What Is Pulmonary Rehabilitation?

We’ve all heard of cardiac rehabilitation. You know, it’s for people who have had a heart attack, to help them recover after an event or medical procedure, right? Well, what about those who struggle with lung problems? It’s not like a heart problem that comes on suddenly and can be life threatening.  Lung problems develop slowly over time, and those suffer in with emphysema, chronic bronchitis, and long-term asthma, also known as chronic obstructive pulmonary disease (COPD), can feel there is no help for them. In fact, people with COPD often feel their lung disease is their fault, mostly because they were or are cigarette smokers. While cigarettes are a factor for COPD, they are not the only reason it occurs. Heredity plays a big part, and occupational hazards, like exposures to dust, chemicals, and fumes, also contribute to lung disease. We don’t blame diabetics for eating sugar or those with heart disease for not managing their stress better. I don’t see the need to blame smokers either. COPD has risen to the number 3 killer in the United States. And while the mortality rates for heart attacks and strokes (the number 1 and 2 killers) are decreasing, the rate for COPD continues to rise.

So, what is pulmonary rehabilitation? Like cardiac rehabilitation, pulmonary rehab offers exercise and education to help those struggling with COPD learn skills that can help them cope with their lung disease and improve the quality of their lives. What’s important to understand is that every time a person with COPD has an episode or exacerbation, they lose ground physically. As their breathing worsens, they stop doing some of the things they like to do. Over time, they start doing less and less, until they can’t even do some of their basic self-care, like bathing or dressing.

As our body and muscles become deconditioned, our ability to breathe also worsens. It takes more energy for oxygen to move through deconditioned muscles. A decrease in muscular strength also means we are less able to fight off infections. We need to stay strong to live with COPD! Pulmonary rehab is about stopping that progression and even reversing it. How? By getting people to slowly bring exercise back into their lives. Typically, pulmonary rehab programs run for twelve weeks and develop exercises specific to the person’s needs. For example, if a person with COPD gets short of breath with walking, seated exercises would be used to first increase muscle tone and overall core strength. Additionally, if the person is severely deconditioned, exercise might only be for two minutes at a time with frequent rests.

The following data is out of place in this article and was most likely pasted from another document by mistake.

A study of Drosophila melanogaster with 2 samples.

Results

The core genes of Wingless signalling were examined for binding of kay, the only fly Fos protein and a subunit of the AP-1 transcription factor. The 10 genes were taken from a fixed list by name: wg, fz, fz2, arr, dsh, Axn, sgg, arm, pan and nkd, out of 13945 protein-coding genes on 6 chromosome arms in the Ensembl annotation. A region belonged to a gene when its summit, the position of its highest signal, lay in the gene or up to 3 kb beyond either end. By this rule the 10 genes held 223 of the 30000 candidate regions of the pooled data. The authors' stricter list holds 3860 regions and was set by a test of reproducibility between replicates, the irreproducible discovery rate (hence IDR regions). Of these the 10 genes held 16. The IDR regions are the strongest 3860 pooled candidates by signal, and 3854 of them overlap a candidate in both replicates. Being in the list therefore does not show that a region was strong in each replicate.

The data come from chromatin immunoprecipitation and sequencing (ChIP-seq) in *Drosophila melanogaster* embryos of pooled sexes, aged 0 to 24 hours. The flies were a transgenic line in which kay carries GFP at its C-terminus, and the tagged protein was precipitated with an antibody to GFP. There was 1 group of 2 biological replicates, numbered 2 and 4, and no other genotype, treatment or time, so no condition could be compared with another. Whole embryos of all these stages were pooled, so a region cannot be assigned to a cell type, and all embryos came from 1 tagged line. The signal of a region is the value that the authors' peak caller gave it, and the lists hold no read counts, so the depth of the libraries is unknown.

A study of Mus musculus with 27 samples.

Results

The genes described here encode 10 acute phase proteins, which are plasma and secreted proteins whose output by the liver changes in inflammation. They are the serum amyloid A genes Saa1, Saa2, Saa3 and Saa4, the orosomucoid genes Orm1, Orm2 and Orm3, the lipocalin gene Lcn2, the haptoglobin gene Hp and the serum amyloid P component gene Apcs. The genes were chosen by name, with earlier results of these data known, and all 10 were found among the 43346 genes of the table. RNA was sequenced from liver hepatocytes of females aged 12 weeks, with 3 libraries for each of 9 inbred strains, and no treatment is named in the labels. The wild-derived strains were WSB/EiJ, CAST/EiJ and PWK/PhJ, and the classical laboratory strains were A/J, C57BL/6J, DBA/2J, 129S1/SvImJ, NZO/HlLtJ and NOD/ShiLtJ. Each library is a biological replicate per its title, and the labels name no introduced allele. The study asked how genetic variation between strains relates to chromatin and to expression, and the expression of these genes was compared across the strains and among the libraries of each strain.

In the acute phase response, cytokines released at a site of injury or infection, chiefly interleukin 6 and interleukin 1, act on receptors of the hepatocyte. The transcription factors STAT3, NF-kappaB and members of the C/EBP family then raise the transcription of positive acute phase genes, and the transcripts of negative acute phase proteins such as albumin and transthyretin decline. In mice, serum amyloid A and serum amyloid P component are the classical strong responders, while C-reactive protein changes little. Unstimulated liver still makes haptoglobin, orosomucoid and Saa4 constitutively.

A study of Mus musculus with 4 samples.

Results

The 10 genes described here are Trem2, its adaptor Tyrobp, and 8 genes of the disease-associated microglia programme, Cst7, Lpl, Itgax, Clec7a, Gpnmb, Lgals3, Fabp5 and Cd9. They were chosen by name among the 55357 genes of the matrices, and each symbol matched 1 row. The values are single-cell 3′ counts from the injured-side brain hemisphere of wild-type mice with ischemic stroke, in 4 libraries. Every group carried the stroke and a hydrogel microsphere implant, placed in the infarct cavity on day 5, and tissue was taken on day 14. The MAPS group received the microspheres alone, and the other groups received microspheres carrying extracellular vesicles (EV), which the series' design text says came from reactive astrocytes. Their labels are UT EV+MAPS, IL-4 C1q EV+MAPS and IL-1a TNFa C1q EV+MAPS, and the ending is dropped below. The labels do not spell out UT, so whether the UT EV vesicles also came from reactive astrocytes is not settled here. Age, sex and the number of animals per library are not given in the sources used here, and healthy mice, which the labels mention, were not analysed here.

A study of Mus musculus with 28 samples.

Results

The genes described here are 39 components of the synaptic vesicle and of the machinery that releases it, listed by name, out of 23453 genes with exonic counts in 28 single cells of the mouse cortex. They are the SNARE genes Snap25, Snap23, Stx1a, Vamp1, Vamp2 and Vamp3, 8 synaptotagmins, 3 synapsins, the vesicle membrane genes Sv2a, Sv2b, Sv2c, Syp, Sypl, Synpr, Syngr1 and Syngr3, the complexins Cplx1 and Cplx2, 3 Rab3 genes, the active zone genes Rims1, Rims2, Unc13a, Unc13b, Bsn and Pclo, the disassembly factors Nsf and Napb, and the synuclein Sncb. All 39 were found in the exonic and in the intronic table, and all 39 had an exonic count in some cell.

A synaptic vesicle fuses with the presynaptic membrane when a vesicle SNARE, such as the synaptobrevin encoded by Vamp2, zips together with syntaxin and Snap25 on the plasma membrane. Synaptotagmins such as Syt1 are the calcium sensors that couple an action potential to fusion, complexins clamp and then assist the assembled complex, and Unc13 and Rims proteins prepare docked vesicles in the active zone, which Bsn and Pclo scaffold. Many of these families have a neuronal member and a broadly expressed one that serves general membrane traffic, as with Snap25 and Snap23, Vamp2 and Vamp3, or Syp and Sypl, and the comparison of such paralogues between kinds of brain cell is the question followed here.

Besides the exercise, education is a key component of pulmonary rehab. The individual will learn many breathing techniques to calm shortness of breath, help with cough and phlegm removal, and improve the activities of daily living. They will learn how to fuel their bodies to breathe better and either gain or lose weight. And they will develop skills to conserve energy, so they can have more for the things they want to do.

As a registered respiratory therapist, I am trained to work with all types of critical and chronic lung conditions. I have forty years’ experience in the hospital setting and over twenty years working in pulmonary rehab.  As a life-long asthmatic, I know how it feels to be short of breath and bring my personal as well as my professional experiences. In fact, my passion for working with patients experiencing pulmonary issues stems from my personal experience and from watching my mom struggle with cigarette addition.

So, is pulmonary rehabilitation right for you?

Do you struggle to catch your breath, more and more frequently? Have you stopped doing the things you love? Don’t wait! Learn how pulmonary rehabilitation can help you and your family better cope with your lung disease.

Pulmonary rehabilitation programs are typically run as hospital outpatient programs and ordered by a physician, but individuals can also refer themselves to a program. A breathing test showing moderate to very severe lung disease is also required by most insurances. Both Sacred Heart and Mayo Hospitals offer pulmonary rehab, as well St. Joseph’s in Chippewa Falls. Contact your personal physician or the rehab program at one of these hospitals to get started.